Is Doucheface the new Pornstache? Matt McGorry thinks so.
"He's the Pornstache of How to Get Away with Murder," the actor tells TVGuide.com, comparing his Murder character — Asher Millstone, aka Doucheface — to the mustachioed prison guard played by Pablo Schreiber on Orange Is the New Black, on which McGorry also stars. "Pornstache is more sadistic than Asher," McGorry goes on to explain, "but you see him falling in love with Daya [on Orange]. With Asher, you get moments of humanity like that as well."
Fans saw a snippet of that humanity last week, when Asher teared up after Team Keating clinched the win in court. This week, the show will delve deeper into Asher's character and background when Annalise (Viola Davis) takes on a new client who was sentenced to death by Asher's father years ago. "This is an important case to Annalise, and the fact that his father has a role in it is actually a big part of why he's chosen the path he's chosen," McGorry says. "It's a little unclear why she hired me, but I think that this was a big part of it."
At first blush, Asher seems like a stereotypical rich kid jerk — aggressive, loud, arrogant, entitled — but over the course of Murder's last few episodes, he's emerged as more of a comic-relief bro who's full of one-liners ("We make good spies!") yet doesn't actually mean any harm (as of now).
"I feel like I have the room to be the ass---- I want to be or the doucheface on the show ... but I think he's more of a doofus than a douchebag. He's more than just Doucheface," McGorry says. "I always think the biggest douchebags are usually the most insecure people, and that comes from actually having feelings, and you get to see some of that revealed in [Thursday's episode]. It's going to be very satisfying. It's going to make the character that much more relatable. I like to think he has some redeemable qualities and I try to put that in there as much as possible. I understand that in TV people like likable people. In film, you can get away with playing a terrible person. In TV, you're in people's homes every week. But I like to think it's more conscious than me trying to keep my job!"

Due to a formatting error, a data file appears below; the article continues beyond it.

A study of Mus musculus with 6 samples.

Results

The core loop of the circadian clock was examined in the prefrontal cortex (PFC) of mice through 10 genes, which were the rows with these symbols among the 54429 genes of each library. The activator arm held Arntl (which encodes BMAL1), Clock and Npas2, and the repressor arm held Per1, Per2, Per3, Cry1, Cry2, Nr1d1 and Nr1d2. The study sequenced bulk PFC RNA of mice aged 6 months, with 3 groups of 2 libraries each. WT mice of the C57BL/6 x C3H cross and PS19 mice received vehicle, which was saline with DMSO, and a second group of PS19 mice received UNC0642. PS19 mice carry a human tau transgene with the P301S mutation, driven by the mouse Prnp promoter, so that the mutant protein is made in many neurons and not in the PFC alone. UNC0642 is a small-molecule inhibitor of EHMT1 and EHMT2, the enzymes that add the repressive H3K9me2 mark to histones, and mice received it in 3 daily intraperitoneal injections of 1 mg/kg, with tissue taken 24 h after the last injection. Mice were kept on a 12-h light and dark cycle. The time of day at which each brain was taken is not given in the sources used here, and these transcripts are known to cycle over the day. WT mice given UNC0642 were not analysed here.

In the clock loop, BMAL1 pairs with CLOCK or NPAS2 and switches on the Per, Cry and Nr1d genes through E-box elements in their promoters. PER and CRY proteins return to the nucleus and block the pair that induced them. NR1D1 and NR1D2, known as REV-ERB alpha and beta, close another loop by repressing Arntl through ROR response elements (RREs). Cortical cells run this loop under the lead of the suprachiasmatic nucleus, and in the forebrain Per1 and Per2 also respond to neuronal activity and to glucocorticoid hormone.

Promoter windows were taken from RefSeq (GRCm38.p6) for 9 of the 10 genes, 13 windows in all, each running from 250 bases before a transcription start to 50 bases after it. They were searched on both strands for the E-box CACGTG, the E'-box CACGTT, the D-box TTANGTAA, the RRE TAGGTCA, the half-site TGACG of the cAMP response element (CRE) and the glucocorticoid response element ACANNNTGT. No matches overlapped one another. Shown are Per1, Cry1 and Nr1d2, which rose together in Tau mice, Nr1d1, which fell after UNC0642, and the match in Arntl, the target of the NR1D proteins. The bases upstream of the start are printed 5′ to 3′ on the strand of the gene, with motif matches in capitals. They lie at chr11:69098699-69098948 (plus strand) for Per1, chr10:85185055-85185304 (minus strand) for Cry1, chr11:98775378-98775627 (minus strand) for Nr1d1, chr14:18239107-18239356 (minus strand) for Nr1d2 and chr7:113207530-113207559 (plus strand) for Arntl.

It is also likely no accident that Asher is on the outside looking in on the night of Sam's (Tom Verica) murder. Lest we forget, Asher was MIA in the bonfire/flying cheerleader/murdered professor flash-forwards until two weeks ago, when he came pounding on Annalise's door looking for the rest of the Keating Five and the Immunity Idol. (Thursday's episode will also reveal exactly where Asher was when Sam bit it.) McGorry, who says he wasn't worried about Asher's flash-fate during the first three episodes, points out that unlike everyone else on the drama, Asher doesn't really lie, which could spell trouble for the other four.
"He's up-front," the actor says. "He has qualities that make him a jerk, but he's very up-front with who he is. Pretty much every other character lies about something or is hiding something. Even Annalise lies. Michaela [Aja Naomi King] tries to steal the outlines, Laurel [Karla Souza] has tons of lies and is making out with Frank [Charlie Weber], Connor [Jack Falahee] plays and sleeps with people for information. Wes [Alfred Enoch] was keeping Lila's phone a secret. That's the forgiving thing about Asher: He is who he is and he has no apologies. And they work together, but they're not best friends, and now they're trying to keep this murder under wraps while I'm getting in the middle of it."
"It's not quite the 'Nine Words,' but it's my 'Nine Words,' I guess," he says. "I've never gotten to play such a range of emotion in a single episode. ... There's funny stuff, emotional stuff and flat-out crazy stuff. I love the stuff that makes you laugh and cry. It kind of sucker-punches you a little bit. That's the thing that most interests me as a performer, in addition to telling the most captivating story. Hopefully this episode will elicit that same sort of response."
How to Get Away with Murder airs Thursdays at 10/9c on ABC.